When asked how Liddell differentiated his game from the plethora of talented bigs Howard has seen in his time at the helm of the Wolverines, Howard gave a laundry list of ways Liddell can beat a defense:

Getting to his left shoulder with ease. A multitude of post moves to create space. The variety of ways he can attack the basket in the pick-and-pop game.

Saturday night, the Michigan men’s basketball team was on the wrong end of Liddell’s entire arsenal. While the Wolverines often forced Liddell to take tough shots, they ultimately didn’t have an answer for him. Liddell’s 28 points led the Buckeyes to a 68-57 victory.

“The game plan for him was (to) just make him make tough twos, and that’s really what he did,” graduate guard DeVante’ Jones said. “I feel like he had a couple open shots that just made the basket a little bit more wider for him and I think we just made some costly mistakes, but I gave Liddell credit. He’s a very good player.”

Liddell was always going to get his points. As Howard said, he’s nearly impossible to shut down, and few teams have been able to successfully hold him in check this year — Liddell has yet to score in single digits in a game this season. But limiting his chances would have helped mitigate Michigan’s offensive struggles.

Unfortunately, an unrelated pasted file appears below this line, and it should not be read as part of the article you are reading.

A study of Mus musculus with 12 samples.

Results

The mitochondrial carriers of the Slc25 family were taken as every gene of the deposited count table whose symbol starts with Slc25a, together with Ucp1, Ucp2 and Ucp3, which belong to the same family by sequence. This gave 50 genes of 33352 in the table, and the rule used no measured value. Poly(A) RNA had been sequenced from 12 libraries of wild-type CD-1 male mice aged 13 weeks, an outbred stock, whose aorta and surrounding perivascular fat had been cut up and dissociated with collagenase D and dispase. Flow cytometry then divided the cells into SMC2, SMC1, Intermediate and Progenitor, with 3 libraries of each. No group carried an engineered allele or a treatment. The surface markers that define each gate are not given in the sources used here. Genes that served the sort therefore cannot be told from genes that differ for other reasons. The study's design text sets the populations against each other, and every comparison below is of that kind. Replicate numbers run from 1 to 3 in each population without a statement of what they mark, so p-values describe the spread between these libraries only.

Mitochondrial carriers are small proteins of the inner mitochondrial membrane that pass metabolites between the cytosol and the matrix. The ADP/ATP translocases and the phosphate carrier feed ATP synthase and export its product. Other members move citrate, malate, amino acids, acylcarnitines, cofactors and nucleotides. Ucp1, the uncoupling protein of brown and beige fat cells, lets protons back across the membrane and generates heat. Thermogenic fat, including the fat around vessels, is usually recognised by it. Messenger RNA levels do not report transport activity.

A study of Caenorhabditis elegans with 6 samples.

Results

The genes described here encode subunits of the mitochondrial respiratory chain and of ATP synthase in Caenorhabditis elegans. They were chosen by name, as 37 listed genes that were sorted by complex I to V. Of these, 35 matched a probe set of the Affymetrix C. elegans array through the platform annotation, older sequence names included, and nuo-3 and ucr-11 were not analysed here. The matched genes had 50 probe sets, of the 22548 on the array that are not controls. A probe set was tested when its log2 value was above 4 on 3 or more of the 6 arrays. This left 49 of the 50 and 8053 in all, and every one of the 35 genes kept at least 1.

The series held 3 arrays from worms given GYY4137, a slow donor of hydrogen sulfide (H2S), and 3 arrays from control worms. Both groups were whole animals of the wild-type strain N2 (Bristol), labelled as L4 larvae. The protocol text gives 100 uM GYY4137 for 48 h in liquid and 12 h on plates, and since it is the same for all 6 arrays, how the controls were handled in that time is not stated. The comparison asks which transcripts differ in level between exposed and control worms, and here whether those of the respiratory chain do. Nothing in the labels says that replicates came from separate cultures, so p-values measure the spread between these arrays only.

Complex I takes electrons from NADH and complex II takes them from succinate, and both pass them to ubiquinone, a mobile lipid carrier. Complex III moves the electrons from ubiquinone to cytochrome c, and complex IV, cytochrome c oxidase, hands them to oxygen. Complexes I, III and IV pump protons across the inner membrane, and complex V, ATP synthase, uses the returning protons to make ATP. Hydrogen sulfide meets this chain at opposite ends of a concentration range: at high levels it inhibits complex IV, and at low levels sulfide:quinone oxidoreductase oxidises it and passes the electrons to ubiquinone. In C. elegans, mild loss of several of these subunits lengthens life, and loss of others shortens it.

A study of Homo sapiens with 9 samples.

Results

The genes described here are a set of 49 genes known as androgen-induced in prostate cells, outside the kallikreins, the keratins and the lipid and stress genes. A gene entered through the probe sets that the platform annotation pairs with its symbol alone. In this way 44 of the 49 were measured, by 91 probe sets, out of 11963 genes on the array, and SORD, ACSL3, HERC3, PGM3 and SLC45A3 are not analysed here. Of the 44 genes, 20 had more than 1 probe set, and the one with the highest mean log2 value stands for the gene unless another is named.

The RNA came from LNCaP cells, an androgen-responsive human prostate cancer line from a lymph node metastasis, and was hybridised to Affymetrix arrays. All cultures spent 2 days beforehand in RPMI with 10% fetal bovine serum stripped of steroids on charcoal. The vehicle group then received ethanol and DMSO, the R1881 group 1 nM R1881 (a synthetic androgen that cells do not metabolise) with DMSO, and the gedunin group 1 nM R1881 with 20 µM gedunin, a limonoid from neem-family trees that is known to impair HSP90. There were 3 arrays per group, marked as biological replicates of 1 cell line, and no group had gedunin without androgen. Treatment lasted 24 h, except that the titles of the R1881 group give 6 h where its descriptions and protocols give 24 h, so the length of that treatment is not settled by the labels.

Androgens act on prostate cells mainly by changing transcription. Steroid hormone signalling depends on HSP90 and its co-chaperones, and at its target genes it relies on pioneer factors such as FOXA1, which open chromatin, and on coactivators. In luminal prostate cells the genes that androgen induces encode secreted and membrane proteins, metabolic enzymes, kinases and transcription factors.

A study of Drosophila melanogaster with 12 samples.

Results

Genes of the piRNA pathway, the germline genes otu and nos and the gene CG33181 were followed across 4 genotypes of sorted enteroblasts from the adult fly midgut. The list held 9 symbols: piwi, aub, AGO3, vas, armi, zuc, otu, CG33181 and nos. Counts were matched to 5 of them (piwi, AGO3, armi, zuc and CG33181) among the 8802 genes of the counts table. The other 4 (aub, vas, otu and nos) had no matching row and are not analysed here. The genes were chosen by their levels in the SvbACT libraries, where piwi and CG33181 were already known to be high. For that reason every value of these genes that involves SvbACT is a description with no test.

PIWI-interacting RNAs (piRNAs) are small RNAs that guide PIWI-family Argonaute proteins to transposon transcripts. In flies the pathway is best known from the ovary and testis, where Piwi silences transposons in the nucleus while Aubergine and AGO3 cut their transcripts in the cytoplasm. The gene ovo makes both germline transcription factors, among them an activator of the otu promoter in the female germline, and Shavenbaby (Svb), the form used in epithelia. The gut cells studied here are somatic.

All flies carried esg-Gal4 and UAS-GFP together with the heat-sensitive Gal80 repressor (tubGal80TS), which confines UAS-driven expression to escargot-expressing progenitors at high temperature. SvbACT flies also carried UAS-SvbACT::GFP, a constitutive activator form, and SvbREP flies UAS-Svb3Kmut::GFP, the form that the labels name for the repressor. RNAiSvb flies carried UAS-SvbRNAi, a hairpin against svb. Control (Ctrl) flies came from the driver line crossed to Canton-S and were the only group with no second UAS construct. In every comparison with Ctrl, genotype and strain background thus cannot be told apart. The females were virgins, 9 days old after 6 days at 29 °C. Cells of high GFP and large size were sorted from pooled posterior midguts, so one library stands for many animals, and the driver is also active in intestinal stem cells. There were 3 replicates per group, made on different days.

The Wolverines didn’t fully fail in that regard; Liddell wasn’t particularly efficient from the field, shooting 8-for-17. They never double-teamed him, instead favoring single coverage to avoid kick outs and open 3-pointers. That being said, he still had to work hard for his baskets and knock down tough shots, as Jones said. Against a player as good as Liddell, though, even forcing tough shots sometimes doesn’t get the job done.

“Liddell is unique in a lot of ways,” Howard said. “And what makes him so efficient is he really does a good job of getting to his spot. And he’s also patient with it as well.”

Michigan’s costly mistake was allowing Liddell to go to the free-throw line 11 times, where he made all 11. Freshman forward Moussa Diabate had difficulty guarding Liddell without fouling at times, forcing him to defend with less physicality to avoid fouling out.

“It kind of took some of the aggressiveness away from our defender and gave more aggressiveness towards the offensive player,” Howard said. “And Liddell’s smart, and he took advantage of what was given to him.”

Liddell shined on the interior for the game’s entirety, but for much of it, he failed to show off his range. He missed his first four attempts from deep. His lone make, though, proved to be a devastating blow to the Wolverines. Down by five with just over four minutes remaining, a miscommunication in zone left Liddell open in the corner with sophomore center Hunter Dickinson reluctant to close out due to a fear of leaving the paint open. Liddell made him play, canning the 3-pointer and stifling any Michigan momentum.

Liddell’s versatility makes stopping him a losing battle. As the Wolverines saw first-hand, even forcing tough shots isn’t always good enough to limit his damage. He’s too good of a player.

While Michigan was able to hold the rest of the Buckeyes relatively in check, it was negated by the Wolverines sputtering offense. All Ohio State needed was Liddell, and once again, he delivered.